Recombinant Human Granulocyte-Macrophage Colony Stimulating Factor GMP
rHuGM-CSF GMP
Technical Parameters
SynonymsGranulocyte/Macrophage Colony-Stimulating Factor, CSF-2, MGI-1GM, Pluripoietin-α
AccessionP04141
GeneID1437
Source Escherichia coli.
Molecular Weight Approximately 14.5 kDa, a single non-glycosylated polypeptide chain containing 127 amino acids.
Quantity 5µg/100µg/1mg
AA Sequence APARSPSPST QPWEHVNAIQ EARRLLNLSR DTAAEMNETV EVISEMFDLQ EPTCLQTRLE LYKQGLRGSL TKLKGPLTMM ASHYKQHCPP TPETSCATQI ITFESFKENL KDFLLVIPFD CWEPVQE
Purity > 98 % by SDS-PAGE and HPLC analyses.
Biological Activity Fully biologically active when compared to standard. The ED50 as determined by a cell proliferation assay using human TF-1 cells is less than 0.1 ng/ml, corresponding to a specific activity of > 1.0 × 107 IU/mg.
Physical Appearance Sterile Filtered White lyophilized (freeze-dried) powder.
Formulation Lyophilized from a 0.2 μm filtered concentrated solution in PBS, pH 7.4.
Endotoxin Less than 0.01 EU/μg of rHuGM-CSF GMP as determined by LAL method.
Reconstitution We recommend that this vial be briefly centrifuged prior to opening to bring the contents to the bottom. Reconstitute in sterile distilled water or aqueous buffer containing 0.1 % BSA to a concentration of 0.1-1.0 mg/mL. Stock solutions should be apportioned into working aliquots and stored at ≤ -20 °C. Further dilutions should be made in appropriate buffered solutions.
Stability & Storage Use a manual defrost freezer and avoid repeated freeze-thaw cycles.
- 12 months from date of receipt, -20 to -70 °C as supplied.
- 1 month, 2 to 8 °C under sterile conditions after reconstitution.
- 3 months, -20 to -70 °C under sterile conditions after reconstitution.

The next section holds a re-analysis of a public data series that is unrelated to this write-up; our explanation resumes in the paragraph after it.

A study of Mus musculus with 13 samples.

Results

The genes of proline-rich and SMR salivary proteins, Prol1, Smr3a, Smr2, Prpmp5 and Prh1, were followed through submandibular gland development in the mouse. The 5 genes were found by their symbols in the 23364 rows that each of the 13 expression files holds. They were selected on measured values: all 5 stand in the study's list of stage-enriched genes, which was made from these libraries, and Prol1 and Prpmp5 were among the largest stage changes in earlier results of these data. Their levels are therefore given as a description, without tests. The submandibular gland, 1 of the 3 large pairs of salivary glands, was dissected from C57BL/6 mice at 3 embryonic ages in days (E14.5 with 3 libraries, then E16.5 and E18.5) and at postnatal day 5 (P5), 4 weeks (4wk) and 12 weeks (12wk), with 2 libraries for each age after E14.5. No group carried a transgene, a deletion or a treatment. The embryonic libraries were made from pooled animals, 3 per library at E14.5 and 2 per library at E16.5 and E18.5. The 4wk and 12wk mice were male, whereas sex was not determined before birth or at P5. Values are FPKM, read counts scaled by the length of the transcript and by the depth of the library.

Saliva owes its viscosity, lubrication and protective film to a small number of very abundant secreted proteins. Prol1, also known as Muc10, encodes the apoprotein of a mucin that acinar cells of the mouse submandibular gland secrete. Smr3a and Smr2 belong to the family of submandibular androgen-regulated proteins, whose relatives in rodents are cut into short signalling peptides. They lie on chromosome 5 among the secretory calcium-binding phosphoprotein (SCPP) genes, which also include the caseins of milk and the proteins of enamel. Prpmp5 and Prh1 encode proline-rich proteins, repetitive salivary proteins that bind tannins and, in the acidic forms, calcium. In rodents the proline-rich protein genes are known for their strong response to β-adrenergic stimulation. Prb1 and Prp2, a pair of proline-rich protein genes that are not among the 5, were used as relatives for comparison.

Usage This GMP product can be for research use or further manufacturing use.
Quality statement The manufacture and testing of this product is in compliance with ICH Q7a guidelines.
Reference1. Wang JM, Chen ZG, Colotta F, et al. 1988. Behring Inst Mitt: 270-3.
2. 1989. N Engl J Med, 320: 253-4.
3. Nissen-Druey C. 1989. Nouv Rev Fr Hematol, 31: 99-101.
4. Eager RandNemunaitis J. 2005. Mol Ther, 12: 18-27.
5. Tran T, Fernandes DJ, Schuliga M, et al. 2005. Br J Pharmacol, 145: 123-31.
BackgroundGranulocyte-Macrophage Colony Stimulating Factor (GM-CSF) is secreted by a number of different cell types (including activated T cells, B cells, macrophages, mast cells, endothelial cells and fibroblasts) in response to cytokine or immune and inflammatory stimulation. It was initially characterized as a growth factor that can support the in vitro colony formation of granulocyte-macrophage progenitors and has functions of stimulates the growth and differentiation of hematopoietic precursor cells from various lineages. GM-CSF has also been reported to have a functional role on non-hematopoietic cells and can induce human endothelial cells to migrate and proliferate. Additionally, it can stimulate the proliferation of a number of tumor cell lines, including osteogenic sarcoma, carcinoma and adenocarcinoma cell lines. Human GM-CSF shares 54 % sequences identity with mouse GM-CSF, but has no biological effects across species. GM-CSF is used as a medication to stimulate the production of white blood cells following chemotherapy and has also recently been evaluated in clinical trials for its potential as a vaccine adjuvant in HIV-infected patients.